Qantas is Seeing a Run on Redemptions Prior to Award Chart Devaluation

Just over a week ago Qantas announced what they touted as the biggest overhaul in its frequent flyer program history.

This amounted to reducing the cost of coach awards, and increasing the cost of premium cabin upgrades and awards effective September 18th. Fuel surcharges dropped on coach awards right away, and will fall on premium cabin awards when mileage costs go up in three months.

They announced new airline partners, a virtually unachievable lifetime platinum status, and a new program (with scant details) to recognize members who earn their points through partner activity rather than flying.

Virgin Australia took out a billboard outside of Sydney domestic terminal mocking the changes.

Qantas responded that “some things haven’t changed. Qantas still has the number one frequent flyer program.”

We still have the biggest and best ways to earn. And we are still the only Australian airline that flies to Europe, Africa, South America and half of Asia (or most of the globe). But the changes we have made have certainly been huge news for our members.

Qantas’ global reach isn’t meaningful in this context because Virgin Australia has a world of partner airlines that mirror that reach. However the airline offered up data in support of its claim that changes are good for members.

Year-over-year, the days since changes were announced have seen “total number of points redeemed is already up by approximately 45 per cent.”

  • 40% increase in international business class redemptions
  • 20% increase in international economy redemptions
  • 25% increase in members redeeming for the first time

The changes Qantas is making to international business class awards won’t take place until September but members are cashing in their points now in a big way before those changes go into effect. Mark Ross-Smith explains why Qantas felt emboldened to devalue its best awards.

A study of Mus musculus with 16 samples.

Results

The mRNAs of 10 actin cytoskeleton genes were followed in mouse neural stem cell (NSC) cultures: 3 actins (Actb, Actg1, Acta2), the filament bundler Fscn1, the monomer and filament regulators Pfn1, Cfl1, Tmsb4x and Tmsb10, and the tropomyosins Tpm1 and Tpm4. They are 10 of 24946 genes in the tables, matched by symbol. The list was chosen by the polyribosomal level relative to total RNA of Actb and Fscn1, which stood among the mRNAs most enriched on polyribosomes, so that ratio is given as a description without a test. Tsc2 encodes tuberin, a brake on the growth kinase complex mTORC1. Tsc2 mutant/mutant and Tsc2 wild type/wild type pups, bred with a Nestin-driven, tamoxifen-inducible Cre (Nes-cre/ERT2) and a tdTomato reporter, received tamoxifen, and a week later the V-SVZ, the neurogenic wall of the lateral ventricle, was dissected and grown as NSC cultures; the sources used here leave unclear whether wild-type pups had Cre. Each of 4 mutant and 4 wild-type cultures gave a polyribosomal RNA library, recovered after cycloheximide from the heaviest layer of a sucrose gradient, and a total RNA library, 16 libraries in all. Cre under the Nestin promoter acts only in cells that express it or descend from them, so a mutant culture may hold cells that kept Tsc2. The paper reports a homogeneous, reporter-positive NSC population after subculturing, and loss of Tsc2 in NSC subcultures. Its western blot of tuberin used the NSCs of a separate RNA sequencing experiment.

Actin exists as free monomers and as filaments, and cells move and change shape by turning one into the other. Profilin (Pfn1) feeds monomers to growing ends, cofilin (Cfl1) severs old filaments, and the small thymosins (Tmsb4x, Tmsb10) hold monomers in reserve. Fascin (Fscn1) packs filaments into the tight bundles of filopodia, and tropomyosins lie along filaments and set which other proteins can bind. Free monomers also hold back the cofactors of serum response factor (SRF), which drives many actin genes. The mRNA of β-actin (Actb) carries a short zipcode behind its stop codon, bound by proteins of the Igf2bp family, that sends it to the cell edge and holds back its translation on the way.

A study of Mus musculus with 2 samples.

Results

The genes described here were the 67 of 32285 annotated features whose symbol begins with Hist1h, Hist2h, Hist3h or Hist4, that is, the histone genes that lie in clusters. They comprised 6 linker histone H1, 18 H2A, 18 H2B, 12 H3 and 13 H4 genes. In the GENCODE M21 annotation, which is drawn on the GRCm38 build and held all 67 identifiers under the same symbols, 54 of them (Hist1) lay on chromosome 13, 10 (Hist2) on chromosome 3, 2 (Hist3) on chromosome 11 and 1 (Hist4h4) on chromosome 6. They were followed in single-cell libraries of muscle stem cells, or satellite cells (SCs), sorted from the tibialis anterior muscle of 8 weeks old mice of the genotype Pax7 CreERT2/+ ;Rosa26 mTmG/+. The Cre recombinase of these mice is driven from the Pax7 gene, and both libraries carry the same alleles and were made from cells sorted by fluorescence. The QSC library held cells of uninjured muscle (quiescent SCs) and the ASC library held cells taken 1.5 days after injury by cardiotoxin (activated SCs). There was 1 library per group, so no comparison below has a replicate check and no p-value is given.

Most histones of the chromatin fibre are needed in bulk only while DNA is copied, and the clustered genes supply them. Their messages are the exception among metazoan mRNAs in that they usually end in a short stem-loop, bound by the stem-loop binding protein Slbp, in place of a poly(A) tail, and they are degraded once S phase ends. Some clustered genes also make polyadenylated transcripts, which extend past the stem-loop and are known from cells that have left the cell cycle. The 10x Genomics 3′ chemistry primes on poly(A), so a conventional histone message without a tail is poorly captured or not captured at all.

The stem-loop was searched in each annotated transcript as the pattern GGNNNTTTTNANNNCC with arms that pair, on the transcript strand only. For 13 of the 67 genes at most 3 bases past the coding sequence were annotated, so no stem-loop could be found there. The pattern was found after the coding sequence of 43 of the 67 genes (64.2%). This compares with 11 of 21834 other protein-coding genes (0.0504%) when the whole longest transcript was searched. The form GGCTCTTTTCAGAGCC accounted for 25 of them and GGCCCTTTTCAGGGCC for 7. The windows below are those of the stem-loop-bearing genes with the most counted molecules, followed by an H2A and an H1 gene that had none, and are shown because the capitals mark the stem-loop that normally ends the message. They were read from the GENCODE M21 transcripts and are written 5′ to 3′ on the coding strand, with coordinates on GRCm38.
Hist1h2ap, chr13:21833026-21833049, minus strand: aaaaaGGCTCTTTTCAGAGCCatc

Meanwhile members aren’t redeeming for the first time in increasing numbers because coach tickets have gotten marginally cheaper. These are members that have been saving their miles, and they’re abandoning that course. In all likelihood they see their miles are becoming worth less in the future, so better to use them now before that happens, rather than suddenly believing the program has unlocked the value of their points.

Meanwhile, certainly, lower coach award prices are translating into greater redemptions for coach travel. That’s exactly what you’d expect. However it’s the changes in redemption patterns that are happening when prices have not (yet) changed that’s most revealing.

About Gary Leff

Gary Leff is one of the foremost experts in the field of miles, points, and frequent business travel - a topic he has covered since 2002. Co-founder of frequent flyer community, emcee of the Freddie Awards, and named one of the "World's Top Travel Experts" by Conde' Nast Traveler (2010-Present) Gary has been a guest on most major news media, profiled in several top print publications, and published broadly on the topic of consumer loyalty. More About Gary »


  2. After the September devaluation, AA miles will be worth double the value of QFF points when redeeming J class on Qantas. That is you will need only half as many AA miles as QFF points for the exact same Qantas seat.

  3. So Qantas is screwing over engaged customers because they can. That’s a great recipe for a long term mutually beneficial relationship.